Pillars added to Worth Hills give representation to one Greek council


The first NPHC organization on TCU’s campus was Alpha Phi Alpha fraternity in 1971. Today, six of the nine organizations in NPHC are on campus: Alpha Phi Alpha, Alpha Kappa Alpha, Kappa Alpha Psi, Omega Psi Phi, Delta Sigma Theta, and Sigma Gamma Rho.

“We knew we wanted something on campus in the Greek village that represented not only us as an organization but our university,” said Kylah Bell, 2016 graduate who was a catalyst to getting the pillars on campus.

In 2015, Bell, who is a Delta, petitioned the chancellor and asked to have black Greeks were represented in the new Greek Village. The cost was included in the Worth Hills Village project, according to Brooke Scogin, Director of Fraternity and Sorority Life.

The NPHC pillars were revealed during “Hump Night” – Photo by Olivia Wang

Evan Konecky, Coordinator of Fraternity and Sorority Life said the pillars are uniform with the fraternity and sorority houses and use the TCU color brick.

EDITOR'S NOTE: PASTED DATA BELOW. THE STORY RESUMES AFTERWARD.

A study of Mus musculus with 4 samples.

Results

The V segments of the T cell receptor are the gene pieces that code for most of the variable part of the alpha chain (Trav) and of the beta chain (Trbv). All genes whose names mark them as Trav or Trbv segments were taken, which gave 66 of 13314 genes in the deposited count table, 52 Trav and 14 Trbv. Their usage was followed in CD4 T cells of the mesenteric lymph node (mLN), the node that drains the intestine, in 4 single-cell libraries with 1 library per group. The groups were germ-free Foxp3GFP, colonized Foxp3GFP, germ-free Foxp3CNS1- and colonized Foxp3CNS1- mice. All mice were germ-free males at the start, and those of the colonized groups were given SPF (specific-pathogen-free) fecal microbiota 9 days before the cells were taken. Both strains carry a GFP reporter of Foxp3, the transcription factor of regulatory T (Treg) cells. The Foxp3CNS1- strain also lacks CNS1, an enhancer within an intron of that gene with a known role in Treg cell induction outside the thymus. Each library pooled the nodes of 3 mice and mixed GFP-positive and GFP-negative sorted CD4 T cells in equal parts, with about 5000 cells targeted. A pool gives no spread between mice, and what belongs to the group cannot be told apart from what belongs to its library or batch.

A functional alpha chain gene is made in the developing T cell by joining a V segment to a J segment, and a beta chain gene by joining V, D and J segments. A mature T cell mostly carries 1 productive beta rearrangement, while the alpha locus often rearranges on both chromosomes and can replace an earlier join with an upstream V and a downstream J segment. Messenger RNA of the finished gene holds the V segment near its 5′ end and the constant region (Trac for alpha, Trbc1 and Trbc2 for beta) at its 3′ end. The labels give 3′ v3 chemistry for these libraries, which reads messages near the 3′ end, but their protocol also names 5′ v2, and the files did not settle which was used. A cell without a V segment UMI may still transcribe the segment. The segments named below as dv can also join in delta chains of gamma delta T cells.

There’s a pillar for each organization. It includes the group’s Greek letters, crest, open motto and founding date. The pillars are arranged in order of each organization’s founding date beginning with Alpha Phi Alpha in 1906.

The pillars were revealed Aug. 29 during the council’s “Hump Night” event, which featured food, dancing and strolling.

A ribbon cutting ceremony happened during the NPHC pillar reveal – Photo Olivia Wang

“It’s just kind of surreal seeing your vision come to life, especially this is something that I did three years ago,” Bell said.

Konecky said more than 400 people attended the event.

“I’m so glad our students finally get something that they deserve and that they want,” Konecky said. “They are equals on this campus, and they have representation down in Worth Hills.”

He hopes that this will bring the Greek community closer together, one person at a time.

“If a big figure in an organization, like the Panhellenic president or IFC president, starts attending these events because they want to, hopefully that drives more people from other organizations out to that,” Konecky said.